Camera-maker Olympus admits to window-dressing books

Troubled Japanese camera- and copier-maker Olympus Corp, in a complete reversal of earlier denials, admitted on Tuesday that it had made a series of acquisitions and inflated payments to intermediares in the past to hide hefty losses. The announcement saw the scrip being hammered down by 30 per cent.

Shuichi Takayama, who was made president of the company last month, accused former chairman Tsuyoshi Kikukawa, executive vice-president Hisashi Mori and auditor Hideo Yamada, of being responsible for the largest accounting fraud in Japan's corporate history.

Analysts are drawing comparisons with the Enron and Worldcom scams in the US, even as the Tokyo Stock Exchange announced that it would consider delisting Olympus scrips from bourse. The Japanese Securities and Exchange Surveillance Commission is also conducting a probe into the accounting fraud.

Blaming the previous leadership – which includes the top three disgraced executives – the company admitted that the appointment of an independent probe panel revealed that inflated payments to intermediaries involved in acquisitions, along with the hefty amounts paid for those deals were used to cover up losses incurred by Olympus since the 1990s.

The Japanese camera-maker and manufacturer of medical equipment also sacked Mori on Tuesday. ''I have no intention to step down at this moment because my responsibility is to fix this company,'' declared Takayama, who till a few days ago was defending the company's earlire acquisitions. ''We needed a higher level of corporate governance. From now on we'll do our utmost not to make the same mistake again.''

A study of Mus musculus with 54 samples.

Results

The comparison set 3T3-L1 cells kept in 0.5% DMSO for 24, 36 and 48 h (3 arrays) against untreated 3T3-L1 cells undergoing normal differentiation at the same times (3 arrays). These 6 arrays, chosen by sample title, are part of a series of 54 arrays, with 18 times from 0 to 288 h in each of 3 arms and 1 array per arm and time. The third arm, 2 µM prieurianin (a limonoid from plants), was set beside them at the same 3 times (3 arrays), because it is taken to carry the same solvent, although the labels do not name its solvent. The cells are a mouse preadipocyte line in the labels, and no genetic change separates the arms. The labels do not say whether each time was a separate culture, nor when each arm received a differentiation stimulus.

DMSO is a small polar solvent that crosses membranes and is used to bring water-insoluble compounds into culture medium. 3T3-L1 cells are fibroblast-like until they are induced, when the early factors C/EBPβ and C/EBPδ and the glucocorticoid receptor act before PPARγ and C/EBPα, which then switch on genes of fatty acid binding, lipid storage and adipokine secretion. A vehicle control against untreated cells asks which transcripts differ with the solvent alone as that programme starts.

The fraud first came to light last month, when Michael Woodford, a Briton, who had been with the company for several years, was sacked days after being promoted as CEO, after he questioned the chairman about the payment of a more than a billion dollars in fees for the acquisition of some small companies to some little-known firms (See: Japanese camera maker Olympus forced to probe high M&A advisory payments).

And a few days ago, Japanese prime minister Yoshihiko Noda was forced to admit that the scandal in Olympus – which was being suppressed by the management – was likely to tarnish his country's image (See: Japanese premier expresses concern over Olympus scam).

Olympus Corp paid $687 million in inflated fees for the 2008 acquisition of UK-based Gyrus Group for $2 billion. Adviser fees in such deals add up to less than one per cent. The Japanese company now admits that the fees were inflated to hide the losses the company had made in the past.